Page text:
2Nurep, San Francisco
Nurep provides a mobile telepresence application that enables guaranteed product support inside and outside of hospital operating rooms. It offers instant on-demand support for physicians, who can access the latest health care product information and instantly connect with the best available representative with a single click. Nurep tracks and optimizes sales and support team effectiveness and reduces health care costs by minimizing unnecessary overheads.
3Wellframe, Cambridge, Mass.
Wellframe combines mobile IT and artificial intelligence to extend the provision of care from the hospital to the home, empowering patients to optimize their recovery and helping providers thrive in an evolving payment landscape.
4Kinsa, New York
Kinsa creates a real-time aggregate picture of the country’s health by using smartphones and simplified digital thermometers. Kinsa developed a thermometer that plugs directly into a smartphone’s earphone jack. After downloading the Kinsa app, users can see their temperature on the smartphone screen, as well as log other symptoms and share the information with a doctor, family or a private group. As the thermometer gains traction, the company’s hope is that it can provide individuals, doctors, public health officials and health companies with better data on where and when illnesses are spreading, as well as inform next steps.
5FieldLens, New York
FieldLens’ mobile and Web app uses familiar social media concepts such as newsfeeds, photos, video, tagging and sharing, and applies them to daily field communication, such as task management, jobsite scheduling, safety audits and progress reporting. All field communication happens in real time, meaning that tasks and observations can be resolved fast from a smartphone, tablet or PC. FieldLens offers total jobsite visibility. Whether you’re communicating from field to office, office to field or one company to another, FieldLens has all project information in one place for an easy workflow that happens in real time.
6Tylr, San Mateo, Calif.
Tylr Mobile is an enterprise-ready mobile work platform connecting familiar tools for managing your mobile work with all the relevant information in your business systems. For starters, Tylr’s first iPhone app, WorkinBox, is a mobile inbox for salespeople, and integrates with email and Salesforce’s customer relationship management system. In the future, the company will also plug in your calendar (personal and professional) and marketing automation tools.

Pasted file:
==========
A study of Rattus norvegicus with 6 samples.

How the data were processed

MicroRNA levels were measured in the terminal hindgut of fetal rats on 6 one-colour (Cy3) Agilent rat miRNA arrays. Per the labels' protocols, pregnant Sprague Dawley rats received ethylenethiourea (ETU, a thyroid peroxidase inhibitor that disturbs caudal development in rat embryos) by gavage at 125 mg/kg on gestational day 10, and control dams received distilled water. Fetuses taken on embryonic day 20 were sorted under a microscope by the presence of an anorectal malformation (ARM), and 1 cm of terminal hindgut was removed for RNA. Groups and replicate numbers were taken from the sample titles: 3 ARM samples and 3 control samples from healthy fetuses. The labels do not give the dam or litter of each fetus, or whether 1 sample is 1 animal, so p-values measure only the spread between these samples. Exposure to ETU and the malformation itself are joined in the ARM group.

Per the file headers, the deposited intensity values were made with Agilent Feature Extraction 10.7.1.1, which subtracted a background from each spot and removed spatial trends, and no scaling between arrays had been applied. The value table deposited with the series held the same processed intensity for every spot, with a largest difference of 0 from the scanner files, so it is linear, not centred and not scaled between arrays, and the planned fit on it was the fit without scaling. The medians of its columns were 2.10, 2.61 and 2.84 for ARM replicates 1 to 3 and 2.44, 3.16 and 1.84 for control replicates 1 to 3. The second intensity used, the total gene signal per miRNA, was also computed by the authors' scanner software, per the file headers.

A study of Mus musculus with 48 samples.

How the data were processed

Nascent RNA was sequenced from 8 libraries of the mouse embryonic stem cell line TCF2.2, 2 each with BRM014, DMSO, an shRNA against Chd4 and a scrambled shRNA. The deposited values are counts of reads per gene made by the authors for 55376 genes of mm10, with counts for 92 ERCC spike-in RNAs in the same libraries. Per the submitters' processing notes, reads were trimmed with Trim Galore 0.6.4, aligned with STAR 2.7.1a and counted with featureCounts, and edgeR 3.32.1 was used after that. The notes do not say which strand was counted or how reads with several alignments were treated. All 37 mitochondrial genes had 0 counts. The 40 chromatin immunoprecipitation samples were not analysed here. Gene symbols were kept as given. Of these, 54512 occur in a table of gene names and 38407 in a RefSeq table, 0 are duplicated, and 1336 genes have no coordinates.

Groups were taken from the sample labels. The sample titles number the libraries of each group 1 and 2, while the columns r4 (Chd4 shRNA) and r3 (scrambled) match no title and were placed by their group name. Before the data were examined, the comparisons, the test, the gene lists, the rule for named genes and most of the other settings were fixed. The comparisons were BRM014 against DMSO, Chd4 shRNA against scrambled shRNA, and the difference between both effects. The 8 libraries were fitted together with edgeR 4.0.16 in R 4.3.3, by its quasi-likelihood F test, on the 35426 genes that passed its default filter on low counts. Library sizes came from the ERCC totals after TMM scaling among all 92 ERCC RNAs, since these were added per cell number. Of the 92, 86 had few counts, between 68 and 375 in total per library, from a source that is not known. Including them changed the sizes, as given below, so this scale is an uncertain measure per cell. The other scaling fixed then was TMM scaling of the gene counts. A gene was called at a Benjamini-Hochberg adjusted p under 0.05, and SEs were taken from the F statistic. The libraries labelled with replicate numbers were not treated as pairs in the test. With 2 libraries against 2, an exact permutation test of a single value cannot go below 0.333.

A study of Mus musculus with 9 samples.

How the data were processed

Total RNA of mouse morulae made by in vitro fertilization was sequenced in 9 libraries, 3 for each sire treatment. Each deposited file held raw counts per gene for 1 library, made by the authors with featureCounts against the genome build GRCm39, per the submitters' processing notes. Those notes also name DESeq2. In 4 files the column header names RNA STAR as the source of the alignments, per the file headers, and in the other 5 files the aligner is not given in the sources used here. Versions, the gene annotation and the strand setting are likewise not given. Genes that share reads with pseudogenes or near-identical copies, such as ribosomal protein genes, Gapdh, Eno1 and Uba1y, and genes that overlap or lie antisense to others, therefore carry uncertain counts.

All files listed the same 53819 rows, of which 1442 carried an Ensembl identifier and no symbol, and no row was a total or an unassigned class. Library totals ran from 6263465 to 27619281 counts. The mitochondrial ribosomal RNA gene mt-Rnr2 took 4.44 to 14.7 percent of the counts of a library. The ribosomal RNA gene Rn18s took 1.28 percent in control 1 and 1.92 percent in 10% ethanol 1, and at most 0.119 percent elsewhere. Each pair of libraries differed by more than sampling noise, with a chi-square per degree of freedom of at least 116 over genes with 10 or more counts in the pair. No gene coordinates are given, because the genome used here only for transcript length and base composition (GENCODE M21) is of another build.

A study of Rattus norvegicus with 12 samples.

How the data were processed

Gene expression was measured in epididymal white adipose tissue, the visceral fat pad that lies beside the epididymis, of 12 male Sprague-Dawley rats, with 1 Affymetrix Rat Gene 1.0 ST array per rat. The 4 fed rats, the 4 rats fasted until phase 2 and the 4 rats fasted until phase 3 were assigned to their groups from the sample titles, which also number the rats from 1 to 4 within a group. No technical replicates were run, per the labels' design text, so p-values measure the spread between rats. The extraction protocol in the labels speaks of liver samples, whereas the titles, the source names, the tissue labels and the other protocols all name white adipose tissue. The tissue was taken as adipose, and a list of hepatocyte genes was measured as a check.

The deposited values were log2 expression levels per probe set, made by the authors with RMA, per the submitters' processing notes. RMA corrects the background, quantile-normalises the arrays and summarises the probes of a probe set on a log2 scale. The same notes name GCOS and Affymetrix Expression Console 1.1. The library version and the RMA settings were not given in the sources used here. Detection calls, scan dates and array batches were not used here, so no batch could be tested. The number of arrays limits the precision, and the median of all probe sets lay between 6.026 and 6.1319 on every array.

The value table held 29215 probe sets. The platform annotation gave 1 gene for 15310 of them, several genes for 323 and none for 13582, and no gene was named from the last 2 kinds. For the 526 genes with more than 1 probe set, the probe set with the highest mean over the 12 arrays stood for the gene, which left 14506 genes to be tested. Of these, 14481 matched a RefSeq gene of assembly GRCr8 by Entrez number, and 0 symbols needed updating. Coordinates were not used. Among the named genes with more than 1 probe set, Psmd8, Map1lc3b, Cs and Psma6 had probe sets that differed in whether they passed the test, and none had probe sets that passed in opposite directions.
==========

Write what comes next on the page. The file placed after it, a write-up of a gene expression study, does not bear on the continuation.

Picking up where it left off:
7Altia Systems, San Jose, Calif.
PanaCast is new IT that combines unique, patented hardware and state-of-the-art algorithms and software, all the way from optics, video capture and transport through rendering on client devices. This enables users to experience and individually control a pristine panoramic-HD video stream with a panoramic 200° field of view. It gives users the same control and human visual perspective of actually being in the meeting. Simple controls allow you to pan across the panoramic video. You can zoom in on the speaker or zoom in on the whiteboard, all without affecting the views of other remote participants. You control what you see, just as if you were there.
8Osito, Redwood City, Calif.
Osito, which recently changed its name from Sherpa, is a personal app that gathers users’ location data, such as commuting routes over time. Then the app can check traffic and notify users if there is bad traffic on their routes and suggest alternatives. The app can also remind users when it’s time to leave for their next meeting, based on the distance to the location and the traffic. When users go to the airport, Osito will gather all relevant information, such as airline tickets, hotel and rental car, for quick access.
9The Eye Tribe, Copenhagen, Denmark
The Eye Tribe software enables eye control on mobile devices, allowing hands-free navigation of Websites and apps, including eye-activated login, enhanced gaming experiences and cloud-based user engagement analytics. The Eye Tribe intends to become the leading provider of eye control technology for mass market consumer devices by licensing the technology to manufacturers.
10Volio, San Jose, Calif.
Volio launched last month with the promise of allowing apps to create a conversational experience with their users. Now Volio is adding a social dimension with the launch of Voliocasts. The first app to use Volio’s technology is Talk To Esquire, which allows the magazine’s readers to engage with Esquire columnists.
11NanoSatisfi, San Francisco
NanoSatisfi aims to provide convenient, affordable, on-demand access to satellites. To that end, it is developing a space-based application platform, comprised of an AVR/Arduino-based computer in a CubeSat standard with a freely programmable microprocessor and 25 sensors.